In the late 18th century industry was booming in the area around Swansea in Wales. Ever more sophisticated machines were powering the various works, and coal was required to fuel the industry. With copper works and coal mines, John Morris was a wealthy man and lived in style at the newly-built Clasemont , a grand classical mansion. The unusual structure he had constructed to house some of his workers was also eye-catching, but within decades it was dismissed as a folly.
John Morris (1745-1819) was a partner in Lockwood, Morris & Co., the biggest of the copper smelting enterprises in the area, and the rapid expansion of the works meant further housing was needed for his workforce. On the hill called Cnap Lwyd he built a vast fortress-like structure, with four corner towers and a central courtyard, which quickly became known as Morris Castle. It provided homes for a number of families (accounts vary between 20 and 40), and was one of the earliest examples of a tenement for estate workers. Probably designed by architect John Johnson, who also designed Clasemont (or Clas Mont or Glasmount), the castle had decorative quoins and battlements made of copper slag, a by-product of the smelting process. The waste could be moulded into blocks, their darker tone and soft sheen contrasting nicely with the local building stone.
But whilst handsome, Morris Castle was not practical. A passer-by in 1776, only a few years after it was completed, found there was already dissent: ‘Mr Morris has built a very large house on a high hill which makes a striking appearance for the Workmen to dwell in, but they complain of clambering up to it’. By 1796 the grand hillside fort was shown to tourists as ‘Morris’s Folly’: the development had been an experiment that failed. Would the workpeople ‘go the summit of a high hill and live in “flats” … when there was plenty of space for pretty little white-washed cottages?’, queried a later writer, before concluding: ‘They would not!’.
Morris learned from his mistakes, and when he created a new town for his workers in the late 1770s, the buildings were conventional cottages and on lower ground. This planned settlement, named Morris Town or Morriston, thrived, and in 1819 the ‘houses for the poorer classes’, neatly arranged in straight lines, were considered ‘excellent and commodious’: by that date Morris Castle did not even merit a mention.
The mock castle did however continue to fulfil its role as a dramatic eye-catcher from Morris’s nearby demesne, making a ‘striking appearance’ on the hilltop. The landscape around Clasemont combined manicured elegance with the thrill and curiosity of heavy industry, which some early visitors found ‘wild and romantick’. This view was clearly not shared by Morris’s son, Sir John Morris 2nd bart (his father had been created a baronet in 1806), who after his father’s death in 1819 demolished Clasemont and built a new mansion a few miles away at Sketty, where he could escape the noise and dirt of industry. Clasemount’s site was later developed, and today the principal building on the former estate has a postcode that will be familiar to many: SA99 1BN, home of the Driver and Vehicle Licensing Authority.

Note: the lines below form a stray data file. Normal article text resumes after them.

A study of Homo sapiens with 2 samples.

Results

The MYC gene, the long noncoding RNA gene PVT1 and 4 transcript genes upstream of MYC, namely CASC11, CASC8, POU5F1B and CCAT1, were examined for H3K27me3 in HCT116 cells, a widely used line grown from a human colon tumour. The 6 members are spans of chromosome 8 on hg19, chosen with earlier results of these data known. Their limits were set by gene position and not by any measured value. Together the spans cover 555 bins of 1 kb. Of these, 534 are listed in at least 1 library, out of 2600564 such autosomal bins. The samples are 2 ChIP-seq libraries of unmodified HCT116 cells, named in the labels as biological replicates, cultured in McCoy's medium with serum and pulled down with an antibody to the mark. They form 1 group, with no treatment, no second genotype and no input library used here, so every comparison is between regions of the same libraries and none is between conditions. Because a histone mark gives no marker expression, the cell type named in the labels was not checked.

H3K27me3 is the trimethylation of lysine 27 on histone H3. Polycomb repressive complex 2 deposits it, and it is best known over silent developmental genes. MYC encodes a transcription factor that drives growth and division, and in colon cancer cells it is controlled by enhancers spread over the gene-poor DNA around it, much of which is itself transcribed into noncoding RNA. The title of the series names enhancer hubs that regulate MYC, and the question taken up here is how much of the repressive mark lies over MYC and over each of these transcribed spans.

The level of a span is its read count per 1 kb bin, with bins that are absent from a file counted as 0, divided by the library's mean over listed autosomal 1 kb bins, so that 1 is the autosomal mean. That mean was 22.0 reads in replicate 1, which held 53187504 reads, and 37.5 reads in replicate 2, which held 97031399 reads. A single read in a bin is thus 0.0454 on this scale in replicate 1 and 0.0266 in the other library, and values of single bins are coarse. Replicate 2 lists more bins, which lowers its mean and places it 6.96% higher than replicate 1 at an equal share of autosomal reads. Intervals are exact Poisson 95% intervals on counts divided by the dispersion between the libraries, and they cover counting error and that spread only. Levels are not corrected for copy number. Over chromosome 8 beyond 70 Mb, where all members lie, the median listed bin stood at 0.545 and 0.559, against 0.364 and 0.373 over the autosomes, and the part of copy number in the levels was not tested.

Morris Castle was offered for sale or to rent in March 1811, but there is no record if there was any interest. The building was still inhabited (presumably by those who had no other option) when Rev. Walter Davies wrote his General View of the Agriculture & Domestic Economy of South Wales in 1814. He praised Sir John as ‘the most extensive individual builder of comfortable habitations for the labouring classes’ and described the tenement as a ‘kind of castellated lofty mansion’. At that date it was largely home to colliers, but there was also a tailor and a shoemaker as ‘useful appendages’ to the family of residents. By the middle of the 19th century the building had become redundant, supposedly undermined by coal workings, and by the time the 1st edition Ordnance Survey map was published in 1877 it was described as ‘in ruins’.
The land on which Morris Castle was built was the property of the Duke of Beaufort, and when Morris’s lease expired it reverted to the estate. The building continued to deteriorate and in 1990 there was a further collapse. The surviving fragments were scheduled by Cadw and Swansea City Council bought the site from the Beaufort Estate. Hopefully this dramatic Swansea landmark can be saved from further decline.
Not enough of Morris Castle survives to illustrate the use of furnace waste as a decorative building material, but across the river Severn in the Bristol suburbs stands Arnos Castle (aka Arno’s Castle, or the Black Castle), where the material is used on a much greater scale. Built for William Reeve in 1764, the slag blocks were produced at his copper and brass works. The unique structure, which a visitor in 1777 described as looking like a ‘Fairy’s Castle’, housed his stables and was restored in the 1990s; it is now home to the Black Castle pub.
Thanks to The Garden Historian for discovering the important contemporary reference to the building as ‘Morris’s Folly’.